William Deshazer/Reuters

Nissan Motor Co Ltd plans to expand job cuts to over 10,000 to help turn around its business, a person with direct knowledge of the matter said on Wednesday, showing the tough road ahead for an automaker grappling with management upheaval.

The global plan includes the 4,800 job cuts announced in May and will mostly be at factories overseas with low utilization rates, the person said. It will be announced along with financial results on Thursday, said the person, who declined to be identified as the information was still private.

Nissan declined to comment. Its shares were up 0.9 per cent in mid-morning trade.


Ghosn has been charged with financial misconduct and denies wrongdoing.

Saikawa kept his job in a vote at an annual shareholders meeting last month, though he had to fight off a rare rebuke by top proxy advisory firms who urged shareholders not to reappoint him considering he was groomed for leadership by Ghosn.

Of note, Saikawa has been struggling to halt falling sales in the United States, one of its biggest overseas markets, where it has been paying high sales incentives to dealerships.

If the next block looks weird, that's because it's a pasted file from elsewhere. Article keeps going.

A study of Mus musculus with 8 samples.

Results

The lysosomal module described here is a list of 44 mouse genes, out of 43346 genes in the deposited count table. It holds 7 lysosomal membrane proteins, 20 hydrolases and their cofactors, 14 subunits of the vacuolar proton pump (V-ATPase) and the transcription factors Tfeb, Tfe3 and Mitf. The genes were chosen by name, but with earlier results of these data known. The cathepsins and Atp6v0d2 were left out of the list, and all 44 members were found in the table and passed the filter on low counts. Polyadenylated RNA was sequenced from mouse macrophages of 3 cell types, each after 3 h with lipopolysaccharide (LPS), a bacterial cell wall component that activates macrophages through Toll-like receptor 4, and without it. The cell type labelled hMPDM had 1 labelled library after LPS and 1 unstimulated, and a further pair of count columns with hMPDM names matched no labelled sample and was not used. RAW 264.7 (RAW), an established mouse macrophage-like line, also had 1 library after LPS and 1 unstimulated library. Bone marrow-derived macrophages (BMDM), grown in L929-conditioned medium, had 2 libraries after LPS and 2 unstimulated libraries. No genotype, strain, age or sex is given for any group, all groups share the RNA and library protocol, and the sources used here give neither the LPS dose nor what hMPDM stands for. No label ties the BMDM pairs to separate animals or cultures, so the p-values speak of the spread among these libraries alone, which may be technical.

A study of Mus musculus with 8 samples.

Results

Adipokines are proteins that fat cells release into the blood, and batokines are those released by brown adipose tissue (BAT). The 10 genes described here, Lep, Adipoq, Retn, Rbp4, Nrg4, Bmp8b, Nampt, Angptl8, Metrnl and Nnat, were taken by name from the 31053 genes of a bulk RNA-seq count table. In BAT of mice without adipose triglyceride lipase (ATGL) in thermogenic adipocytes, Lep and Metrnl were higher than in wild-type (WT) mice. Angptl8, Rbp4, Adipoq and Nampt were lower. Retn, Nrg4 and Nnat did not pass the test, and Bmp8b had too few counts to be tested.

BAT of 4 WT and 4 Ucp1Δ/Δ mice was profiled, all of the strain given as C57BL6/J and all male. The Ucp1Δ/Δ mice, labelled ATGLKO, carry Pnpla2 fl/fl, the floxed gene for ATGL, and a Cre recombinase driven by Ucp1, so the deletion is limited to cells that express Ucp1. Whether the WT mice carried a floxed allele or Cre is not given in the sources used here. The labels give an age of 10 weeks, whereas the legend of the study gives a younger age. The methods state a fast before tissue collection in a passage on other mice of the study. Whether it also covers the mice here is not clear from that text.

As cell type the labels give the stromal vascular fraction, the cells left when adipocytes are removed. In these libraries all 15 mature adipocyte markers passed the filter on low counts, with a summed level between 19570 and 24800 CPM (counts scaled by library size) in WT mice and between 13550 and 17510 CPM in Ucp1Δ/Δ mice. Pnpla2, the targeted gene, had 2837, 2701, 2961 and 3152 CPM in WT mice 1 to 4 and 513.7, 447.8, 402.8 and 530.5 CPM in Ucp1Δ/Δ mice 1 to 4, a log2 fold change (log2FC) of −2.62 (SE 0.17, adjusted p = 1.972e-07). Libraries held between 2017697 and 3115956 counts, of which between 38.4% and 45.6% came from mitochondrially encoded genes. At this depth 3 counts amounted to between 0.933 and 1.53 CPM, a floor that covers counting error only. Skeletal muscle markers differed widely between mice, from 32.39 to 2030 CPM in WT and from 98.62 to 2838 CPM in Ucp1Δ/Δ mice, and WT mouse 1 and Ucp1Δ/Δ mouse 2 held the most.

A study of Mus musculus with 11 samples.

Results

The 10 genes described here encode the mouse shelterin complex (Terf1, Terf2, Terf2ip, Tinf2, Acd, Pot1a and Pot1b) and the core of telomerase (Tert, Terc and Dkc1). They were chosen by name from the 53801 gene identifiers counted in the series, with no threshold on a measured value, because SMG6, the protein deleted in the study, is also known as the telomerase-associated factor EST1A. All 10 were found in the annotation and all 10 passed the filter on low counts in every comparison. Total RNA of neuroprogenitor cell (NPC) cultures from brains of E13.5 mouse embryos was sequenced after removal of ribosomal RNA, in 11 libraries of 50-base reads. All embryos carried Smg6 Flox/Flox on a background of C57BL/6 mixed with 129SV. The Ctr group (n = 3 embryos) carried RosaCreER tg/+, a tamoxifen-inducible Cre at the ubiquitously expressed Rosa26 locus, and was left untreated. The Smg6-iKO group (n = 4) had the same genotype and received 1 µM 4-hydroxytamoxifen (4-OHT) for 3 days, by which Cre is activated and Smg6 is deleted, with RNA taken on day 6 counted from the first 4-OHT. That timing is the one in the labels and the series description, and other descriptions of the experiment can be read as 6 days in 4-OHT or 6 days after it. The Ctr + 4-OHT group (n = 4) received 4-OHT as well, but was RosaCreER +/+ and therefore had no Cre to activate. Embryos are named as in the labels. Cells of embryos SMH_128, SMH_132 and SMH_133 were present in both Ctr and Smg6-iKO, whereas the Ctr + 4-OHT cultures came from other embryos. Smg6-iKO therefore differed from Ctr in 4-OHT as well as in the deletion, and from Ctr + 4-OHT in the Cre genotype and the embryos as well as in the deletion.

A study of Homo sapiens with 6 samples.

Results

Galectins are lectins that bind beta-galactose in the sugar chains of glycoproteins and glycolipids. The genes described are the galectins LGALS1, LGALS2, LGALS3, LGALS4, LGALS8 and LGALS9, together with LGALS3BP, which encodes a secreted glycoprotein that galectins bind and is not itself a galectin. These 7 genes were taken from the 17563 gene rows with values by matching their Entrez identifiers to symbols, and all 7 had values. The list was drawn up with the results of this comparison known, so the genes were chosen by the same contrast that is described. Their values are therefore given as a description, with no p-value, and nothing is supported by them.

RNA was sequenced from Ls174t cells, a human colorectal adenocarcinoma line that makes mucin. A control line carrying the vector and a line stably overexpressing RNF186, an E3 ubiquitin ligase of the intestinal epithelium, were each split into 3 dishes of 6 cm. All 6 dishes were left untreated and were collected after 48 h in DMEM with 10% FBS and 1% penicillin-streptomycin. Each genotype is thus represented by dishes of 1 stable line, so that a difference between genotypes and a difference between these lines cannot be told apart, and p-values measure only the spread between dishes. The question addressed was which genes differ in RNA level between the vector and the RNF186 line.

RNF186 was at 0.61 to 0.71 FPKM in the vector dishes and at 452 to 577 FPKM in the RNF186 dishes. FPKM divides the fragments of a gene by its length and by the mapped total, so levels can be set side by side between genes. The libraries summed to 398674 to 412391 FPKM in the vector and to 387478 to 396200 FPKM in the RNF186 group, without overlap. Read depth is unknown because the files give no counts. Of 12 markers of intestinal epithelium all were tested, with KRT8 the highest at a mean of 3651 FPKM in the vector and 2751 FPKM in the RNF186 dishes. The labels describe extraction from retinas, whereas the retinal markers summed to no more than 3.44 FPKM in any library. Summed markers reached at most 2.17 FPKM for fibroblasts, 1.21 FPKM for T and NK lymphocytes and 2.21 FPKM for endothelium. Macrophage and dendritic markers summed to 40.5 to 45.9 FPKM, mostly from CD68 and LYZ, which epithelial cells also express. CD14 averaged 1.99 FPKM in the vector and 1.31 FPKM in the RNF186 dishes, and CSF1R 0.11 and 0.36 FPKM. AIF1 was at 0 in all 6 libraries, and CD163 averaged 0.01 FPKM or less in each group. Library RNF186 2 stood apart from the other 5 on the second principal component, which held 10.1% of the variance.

In May, Nissan forecast a 28 per cent plunge in annual operating profit, adding to a 45 per cent fall in the previous year, putting the automaker on course for its weakest earnings in 11 years.

While addressing faltering performance, Saikawa also has to repair trust with Renault, which has deteriorated in past months as the French automaker sought more control within Nissan.

Renault owns 43 per cent of the Japanese automaker, which in turn holds a 15 per cent, non-voting stake in its partner. Saikawa, who has sought more equal footing with Renault, last month said Nissan would postpone discussions on the alliance’s future to prioritize performance.